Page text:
As reported in a previous edition of Participate [summer 2014], four coffee mornings were held during the months of May – July 2014 at Winyates Surgery in Redditch, Broad Street Surgery and Jubilee Health Centre in Coventry and Castle Medical Centre in Kenilworth, as part of International Clinical Trials day and we are now pleased to be able to provide a detailed breakdown of results.

The aims of these events were to raise awareness about research happening at the practice amongst patients, and to encourage patients that it is ‘OK to Ask’ their health professionals about research that may be relevant to them.

Interested patients were given the opportunity to discuss local research opportunities and complete a short survey to gauge existing awareness and possibilities for further involvement.

Table 1 summary results of Responses per Practice

 

Broad Street / Jubilee (Coventry)

Winyates (Redditch)

Castle

(Kenilworth)

Deprivation Level (according to English Indices of Deprivation 2010)

2,888

2,974

21,572

Number of respondents

52

66

54

% aware of research

21.2

16.7

42.6

% interested in research

75.0

71.2

68.5

% willing to take part in:

 

 

 

Questionnaires

59.6

66.7

68.5

Blood tests

36.5

48.5

55.6

New drug/treatment

34.6

28.8

35.2

Extra examinations (health checks)

63.5

65.2

53.7

Extra appointments

38.5

34.8

46.3

% would like to hear about research via:

 

 

 

GP/nurse at appointment

38.5

21.2

35.2

Letter from GP

55.8

51.5

48.1

Leaflet or email

23.1

37.9

18.5

Other

9.6

0

3.7 (email)

Age group

 

 

 

<29

7.7

10.6

5.8

30-49

55.8

33.3

15.4

50-69

21.2

30.3

32.7

>70

7.7

22.2

46.2

Ethnicity

 

 

 

White

40.4

89.4

87.0

Black

1.9

3.0

0

Asian

40.4

0

0

Mixed

1.9

3.0

0

Other

1.9

0

0

The Indices of Deprivation 2010 combines a number of indicators, chosen to cover a range of economic, social and housing issues, into a single deprivation score for each small area in England. This allows each area to be ranked relative to one another according to their level of deprivation. The Indices of Deprivation 2010 have been produced at Lower Super Output Area level, of which there are 32,482 in the country (Department for Communities and Local Government, Published March 24 2011)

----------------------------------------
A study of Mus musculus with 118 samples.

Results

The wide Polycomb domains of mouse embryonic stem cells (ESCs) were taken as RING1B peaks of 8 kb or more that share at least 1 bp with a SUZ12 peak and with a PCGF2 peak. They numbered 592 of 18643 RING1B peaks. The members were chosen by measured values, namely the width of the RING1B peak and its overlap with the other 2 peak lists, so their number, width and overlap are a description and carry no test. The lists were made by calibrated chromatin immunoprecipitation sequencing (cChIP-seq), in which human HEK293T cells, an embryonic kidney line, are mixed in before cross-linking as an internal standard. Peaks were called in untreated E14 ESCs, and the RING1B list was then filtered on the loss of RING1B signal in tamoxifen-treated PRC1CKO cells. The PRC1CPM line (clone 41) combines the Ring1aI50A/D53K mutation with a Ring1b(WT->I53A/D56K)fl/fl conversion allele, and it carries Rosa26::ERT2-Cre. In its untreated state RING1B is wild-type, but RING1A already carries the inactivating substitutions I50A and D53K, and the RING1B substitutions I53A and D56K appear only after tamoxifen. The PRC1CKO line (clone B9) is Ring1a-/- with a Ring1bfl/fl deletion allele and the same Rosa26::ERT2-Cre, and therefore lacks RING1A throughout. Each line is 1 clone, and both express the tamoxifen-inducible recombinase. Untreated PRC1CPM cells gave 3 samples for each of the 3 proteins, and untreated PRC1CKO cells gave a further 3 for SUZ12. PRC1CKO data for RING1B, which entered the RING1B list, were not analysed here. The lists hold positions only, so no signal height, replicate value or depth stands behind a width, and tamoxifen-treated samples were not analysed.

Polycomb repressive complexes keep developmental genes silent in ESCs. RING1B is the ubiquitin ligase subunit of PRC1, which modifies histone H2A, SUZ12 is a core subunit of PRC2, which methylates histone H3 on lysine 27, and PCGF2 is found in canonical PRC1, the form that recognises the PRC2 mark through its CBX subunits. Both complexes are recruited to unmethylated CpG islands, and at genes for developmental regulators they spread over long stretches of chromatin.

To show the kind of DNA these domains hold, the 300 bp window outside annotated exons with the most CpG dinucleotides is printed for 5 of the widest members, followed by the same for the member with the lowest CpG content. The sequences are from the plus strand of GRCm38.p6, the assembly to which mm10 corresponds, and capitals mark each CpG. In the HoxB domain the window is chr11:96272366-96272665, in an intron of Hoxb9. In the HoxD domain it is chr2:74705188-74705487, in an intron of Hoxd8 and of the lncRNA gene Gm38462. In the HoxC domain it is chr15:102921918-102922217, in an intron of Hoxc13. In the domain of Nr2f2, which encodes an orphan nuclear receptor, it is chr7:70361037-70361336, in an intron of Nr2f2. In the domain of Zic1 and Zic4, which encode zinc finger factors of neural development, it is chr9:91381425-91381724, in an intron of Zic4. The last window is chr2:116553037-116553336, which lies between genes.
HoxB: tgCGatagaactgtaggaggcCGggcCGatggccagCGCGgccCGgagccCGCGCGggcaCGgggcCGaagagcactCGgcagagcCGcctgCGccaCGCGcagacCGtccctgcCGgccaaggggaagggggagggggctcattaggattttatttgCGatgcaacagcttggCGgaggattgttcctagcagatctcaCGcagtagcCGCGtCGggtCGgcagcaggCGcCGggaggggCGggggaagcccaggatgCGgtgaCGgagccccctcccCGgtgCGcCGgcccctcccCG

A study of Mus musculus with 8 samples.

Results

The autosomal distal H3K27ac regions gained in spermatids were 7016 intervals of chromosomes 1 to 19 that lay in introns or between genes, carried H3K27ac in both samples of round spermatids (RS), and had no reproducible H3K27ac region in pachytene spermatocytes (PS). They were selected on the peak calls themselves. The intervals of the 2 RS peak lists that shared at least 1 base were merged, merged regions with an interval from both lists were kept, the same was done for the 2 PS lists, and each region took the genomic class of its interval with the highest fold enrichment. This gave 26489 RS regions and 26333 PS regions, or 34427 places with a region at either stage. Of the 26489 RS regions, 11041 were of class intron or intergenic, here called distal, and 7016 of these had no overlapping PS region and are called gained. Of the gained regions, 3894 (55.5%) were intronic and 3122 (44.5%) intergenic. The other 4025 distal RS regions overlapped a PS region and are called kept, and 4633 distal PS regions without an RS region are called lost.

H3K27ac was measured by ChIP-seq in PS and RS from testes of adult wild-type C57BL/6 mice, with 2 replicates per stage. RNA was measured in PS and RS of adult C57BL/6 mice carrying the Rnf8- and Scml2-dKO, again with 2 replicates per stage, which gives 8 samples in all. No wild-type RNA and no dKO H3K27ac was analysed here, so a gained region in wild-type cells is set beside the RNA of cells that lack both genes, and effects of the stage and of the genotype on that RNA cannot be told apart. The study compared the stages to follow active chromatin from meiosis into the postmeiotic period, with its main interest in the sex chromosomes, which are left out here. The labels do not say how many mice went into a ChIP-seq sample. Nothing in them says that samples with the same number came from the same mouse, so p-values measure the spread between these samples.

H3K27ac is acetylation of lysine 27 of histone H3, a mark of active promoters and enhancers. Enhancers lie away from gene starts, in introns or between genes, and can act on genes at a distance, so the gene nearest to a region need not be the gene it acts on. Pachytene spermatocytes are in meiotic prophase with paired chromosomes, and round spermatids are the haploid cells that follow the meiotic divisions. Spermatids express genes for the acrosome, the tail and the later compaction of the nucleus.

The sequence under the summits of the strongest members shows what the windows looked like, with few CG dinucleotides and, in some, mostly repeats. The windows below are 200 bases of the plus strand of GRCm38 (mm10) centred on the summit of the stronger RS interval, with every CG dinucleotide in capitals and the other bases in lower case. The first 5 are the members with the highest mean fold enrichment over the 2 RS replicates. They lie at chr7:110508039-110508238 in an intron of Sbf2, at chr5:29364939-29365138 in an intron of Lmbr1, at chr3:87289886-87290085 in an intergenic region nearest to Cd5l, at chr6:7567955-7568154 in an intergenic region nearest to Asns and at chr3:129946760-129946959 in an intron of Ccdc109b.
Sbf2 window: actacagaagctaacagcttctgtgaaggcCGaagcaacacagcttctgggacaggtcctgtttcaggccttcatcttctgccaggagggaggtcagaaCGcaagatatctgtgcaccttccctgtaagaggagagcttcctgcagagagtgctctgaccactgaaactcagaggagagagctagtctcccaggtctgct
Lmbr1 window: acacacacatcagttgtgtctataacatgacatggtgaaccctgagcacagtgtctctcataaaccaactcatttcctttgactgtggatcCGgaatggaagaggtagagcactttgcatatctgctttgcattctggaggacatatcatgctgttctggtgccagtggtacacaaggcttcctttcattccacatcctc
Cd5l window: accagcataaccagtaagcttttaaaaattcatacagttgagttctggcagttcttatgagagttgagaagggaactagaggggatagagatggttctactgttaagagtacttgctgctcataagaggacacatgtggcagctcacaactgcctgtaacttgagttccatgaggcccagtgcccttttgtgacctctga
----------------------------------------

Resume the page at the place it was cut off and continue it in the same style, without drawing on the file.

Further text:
There was an excellent response to the questionnaires (170+) enabling us to identify:

· existing research awareness and compare socio-demographic profiles of respondents,

·  types of research studies and disease areas of interest,

· how patients prefer to receive information

· other ideas for ways to encourage patient participation

This will enable us to investigate ways of increasing awareness in practices and getting information to patients.

Whilst around only 26% of respondents were previously aware that their surgery was involved in research, over 70% of respondents said they would be willing to be involved in research that was relevant to them.

Therefore our aim is to narrow this gap and increase awareness so that as many of the 70% willing to be involved in research are aware of what research is taking place at their practice.

With each increasing age category, the percentage of patients willing to participate in research was lower, indicating that older adults may be less inclined to participate. However, even in the 70-79 age group, over half (52.2%) were keen to be involved. There were no associations between age and the types of research activities that patients were willing to do, so there is not a particular activity that older adults are less willing to participate in.

Disease areas patients are interested in included diabetes, fertility, coughs, women’s health and weight loss. Encouragingly in these areas we have had, or currently have, studies running. Common themes encouraging research participation included altruism, money, payment of transport costs, relevant / interesting / readily available research, a better understanding of research in general and research feedback.

Direct improvements from the events resulted in an increase in research material presented inside practices, increased expressions of interest for studies and increased research awareness amongst practice staff. Patient feedback has enabled us to identify further opportunities to involve patients and members of the public in research. Furthermore, patients have shared success stories, encouraged others to become involved and highlighted other potential health questions.